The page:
Rules for a new teenage rider

As a new rider and as someone I care about and love, I am really excited to introduce you to motorcycling!  Motorcycling is something that gets under your skin.  The phrase “four wheels moves the body, two wheels moves the soul” is exactly right.

However, as a new rider and as someone I care about and love, I want to make sure you are as safe and as responsible as possible.  I came up with a list of rules for you to follow.

These are non-negotiable.

  • All the gear, all the time (ATGATT)
    This means all of the gear, all of the time.  Helmet, jacket, boots, gloves.  Bring a change of clothes if you want, but when you’re riding, you’re protected.
  • Follow all traffic laws at all times
    This should go without saying, but just in case there is any question, now it’s been said.  Obey speed limits.  Obey stop signs.  Obey all traffic laws at all times.
  • Be a courteous rider
    People have a misconception of people on motorcycles.  Let them have the right of way.  Let them go first.  You shouldn’t be in that big of a hurry.
  • Recognize that you’re invisible.  Ride defensively because everyone is out to get you
    When you’re on a motorcycle, people in cars tend not to see you.  They’ll turn into your lane.  They’ll merge right into you.  They won’t see you at stop signs.  Be aware of what and who is around you.
  • No riding after dark until I say okay
    This is kind of a state law anyway, but just for clarification, no riding after dark.  If you are out and it’s getting late and you’re not sure if it’s after dark or not, it probably is.  If you have a question as to whether it’s dark, just ask.
  • We have to “buddy ride” until I say okay
    Two reasons for this… first of all, riding *with* someone is a lot more fun.  Secondly, until you are skilled enough, we need to make sure you’re safe.  If you have an accident or if the bike fails, I want to be there to make sure things are solid.  I also want to observe you and make sure that you are following the rest of the rules.
  • After solo rides are authorized, no spur of the moment rides until I say okay
    This is to make sure you’re being thoughtful and deliberate and that you are properly planning for the ride.
  • All the gear, all the time (ATGATT)
    I mention this again because it is the most important thing.  All of the gear, all of the time.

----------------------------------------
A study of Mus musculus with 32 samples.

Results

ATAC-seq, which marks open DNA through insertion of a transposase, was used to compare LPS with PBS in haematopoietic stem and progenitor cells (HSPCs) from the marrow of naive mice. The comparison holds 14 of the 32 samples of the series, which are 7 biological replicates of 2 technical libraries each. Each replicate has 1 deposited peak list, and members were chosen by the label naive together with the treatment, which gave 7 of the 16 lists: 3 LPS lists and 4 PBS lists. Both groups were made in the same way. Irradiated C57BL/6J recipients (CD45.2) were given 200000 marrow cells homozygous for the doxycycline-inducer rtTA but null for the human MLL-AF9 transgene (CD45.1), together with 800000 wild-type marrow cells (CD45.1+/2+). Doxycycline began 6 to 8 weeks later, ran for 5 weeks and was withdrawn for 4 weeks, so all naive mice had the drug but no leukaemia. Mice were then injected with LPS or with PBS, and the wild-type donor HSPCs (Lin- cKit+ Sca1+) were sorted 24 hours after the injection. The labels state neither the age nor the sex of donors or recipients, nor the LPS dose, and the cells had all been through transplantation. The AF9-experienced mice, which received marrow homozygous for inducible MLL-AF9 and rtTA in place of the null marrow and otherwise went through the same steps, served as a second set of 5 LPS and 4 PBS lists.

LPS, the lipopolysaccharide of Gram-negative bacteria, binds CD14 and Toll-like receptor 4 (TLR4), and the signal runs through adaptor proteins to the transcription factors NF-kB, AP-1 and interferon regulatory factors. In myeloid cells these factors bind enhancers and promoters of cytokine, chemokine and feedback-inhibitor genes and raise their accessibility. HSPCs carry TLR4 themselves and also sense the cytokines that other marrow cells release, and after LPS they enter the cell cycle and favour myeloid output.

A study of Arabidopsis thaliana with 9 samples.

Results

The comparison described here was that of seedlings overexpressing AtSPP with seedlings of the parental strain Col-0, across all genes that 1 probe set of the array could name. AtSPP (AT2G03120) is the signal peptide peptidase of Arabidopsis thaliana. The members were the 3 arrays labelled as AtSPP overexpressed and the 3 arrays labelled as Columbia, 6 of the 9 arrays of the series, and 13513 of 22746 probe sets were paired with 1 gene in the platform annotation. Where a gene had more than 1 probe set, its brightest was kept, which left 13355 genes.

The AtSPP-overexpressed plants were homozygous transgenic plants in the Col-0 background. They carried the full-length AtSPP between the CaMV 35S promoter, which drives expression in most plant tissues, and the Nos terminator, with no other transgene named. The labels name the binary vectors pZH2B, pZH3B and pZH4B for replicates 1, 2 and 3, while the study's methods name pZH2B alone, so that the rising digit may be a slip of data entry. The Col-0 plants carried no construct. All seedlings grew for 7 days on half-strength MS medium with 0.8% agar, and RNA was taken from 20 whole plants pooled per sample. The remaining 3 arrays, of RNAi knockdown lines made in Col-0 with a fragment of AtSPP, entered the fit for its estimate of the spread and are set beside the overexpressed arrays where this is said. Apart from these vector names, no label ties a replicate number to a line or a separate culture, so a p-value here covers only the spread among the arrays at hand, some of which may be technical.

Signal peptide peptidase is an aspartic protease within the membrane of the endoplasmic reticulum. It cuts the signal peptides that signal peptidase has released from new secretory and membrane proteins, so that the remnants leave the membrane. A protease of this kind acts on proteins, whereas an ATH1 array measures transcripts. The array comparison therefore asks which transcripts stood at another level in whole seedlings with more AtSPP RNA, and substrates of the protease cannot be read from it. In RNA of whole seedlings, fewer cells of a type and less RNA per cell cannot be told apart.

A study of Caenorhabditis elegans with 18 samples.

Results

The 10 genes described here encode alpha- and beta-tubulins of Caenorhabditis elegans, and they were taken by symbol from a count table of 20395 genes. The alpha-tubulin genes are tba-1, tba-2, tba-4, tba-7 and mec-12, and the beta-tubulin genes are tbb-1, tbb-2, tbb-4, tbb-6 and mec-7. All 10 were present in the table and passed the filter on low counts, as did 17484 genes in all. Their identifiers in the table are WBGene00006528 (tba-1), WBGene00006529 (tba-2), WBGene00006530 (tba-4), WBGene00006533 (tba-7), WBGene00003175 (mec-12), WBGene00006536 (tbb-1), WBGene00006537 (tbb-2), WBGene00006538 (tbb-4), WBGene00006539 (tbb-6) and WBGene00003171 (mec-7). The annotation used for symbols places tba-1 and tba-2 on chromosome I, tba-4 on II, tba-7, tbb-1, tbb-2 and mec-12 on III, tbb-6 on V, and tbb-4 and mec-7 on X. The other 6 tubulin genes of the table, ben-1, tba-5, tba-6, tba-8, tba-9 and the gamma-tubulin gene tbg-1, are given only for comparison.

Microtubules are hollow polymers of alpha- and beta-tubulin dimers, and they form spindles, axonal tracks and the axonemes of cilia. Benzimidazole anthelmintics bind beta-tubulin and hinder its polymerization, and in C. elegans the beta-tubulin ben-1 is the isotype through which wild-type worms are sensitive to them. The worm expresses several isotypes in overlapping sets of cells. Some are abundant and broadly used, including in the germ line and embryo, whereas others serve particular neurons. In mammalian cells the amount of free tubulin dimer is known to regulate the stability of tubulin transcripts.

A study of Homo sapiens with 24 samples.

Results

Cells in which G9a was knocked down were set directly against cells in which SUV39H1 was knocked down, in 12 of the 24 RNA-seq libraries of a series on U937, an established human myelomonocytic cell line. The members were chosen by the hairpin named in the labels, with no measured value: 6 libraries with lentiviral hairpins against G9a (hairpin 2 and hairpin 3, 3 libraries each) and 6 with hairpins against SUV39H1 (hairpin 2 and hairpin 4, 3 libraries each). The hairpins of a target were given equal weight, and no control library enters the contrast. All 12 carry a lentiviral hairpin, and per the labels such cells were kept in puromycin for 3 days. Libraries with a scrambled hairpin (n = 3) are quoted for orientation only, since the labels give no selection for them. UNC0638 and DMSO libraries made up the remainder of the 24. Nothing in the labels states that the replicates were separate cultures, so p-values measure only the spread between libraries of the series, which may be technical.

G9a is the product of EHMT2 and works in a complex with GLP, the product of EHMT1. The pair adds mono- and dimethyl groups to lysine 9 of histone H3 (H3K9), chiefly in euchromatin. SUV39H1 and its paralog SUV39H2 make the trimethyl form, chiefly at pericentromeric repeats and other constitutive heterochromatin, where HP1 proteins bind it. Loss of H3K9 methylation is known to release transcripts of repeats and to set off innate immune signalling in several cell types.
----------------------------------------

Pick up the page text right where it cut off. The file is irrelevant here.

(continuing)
• No passengers
    Riding solo in traffic is hard enough.  The additional weight of a passenger makes it exponentially more difficult.
  • No stunts
    This includes burnouts.  This includes wheelies.  This includes stoppies.  This includes anything that not just riding around.
  • Practice T-CLOCS before you ride
    T – Tires/Wheels
    C – Controls
    L – Lights/Electrical
    O – Oil/Other Fluids
    C – Chassis
    S – Stands
  • You’re putting the miles on, you pay for gas
    Without gas, the engine won’t run.  Riding is a privilege and a joy, but it carries responsibilities.
  • We will do service on it together
    Learning about the motorcycle by working on the motorcycle carries benefits far beyond the financial.  If you have a breakdown somewhere, you might be able to make repairs and get going again if you understand how the bike works.  Plus you can then work on other things like lawn mowers and snow blowers.  It’s just a good skill to have.
  • If you aren’t feeling like riding, don’t ride
    Riding is exciting and exhilarating, but is also dangerous.  If your mind isn’t right the danger factor increases.  If you’re distracted by other things, you’ll be thinking about them instead of thinking about traffic and other vehicles around you.  If your sixth-sense tells you not to ride, listen to it and don’t ride.
  • Do as I say, don’t do as I do
    I may not follow all of my own rules.  That’s no excuse for you not to follow them.
  • When parking/leaving the bike it must be secured
    This is more than leaving it in a brightly lit place with a lot of people around.  This includes using the fork lock. Bikes are easily loaded onto a truck and stolen.

More rules will come as I think of them.

The bottom line is that you’re a good and responsible young person.  If you weren’t, riding a motorcycle wouldn’t even be an option.  These rules are here for your protection and my peace-of-mind.  The fastest way to get these rules relaxed is to show me that you take them seriously and to keep following them without fail.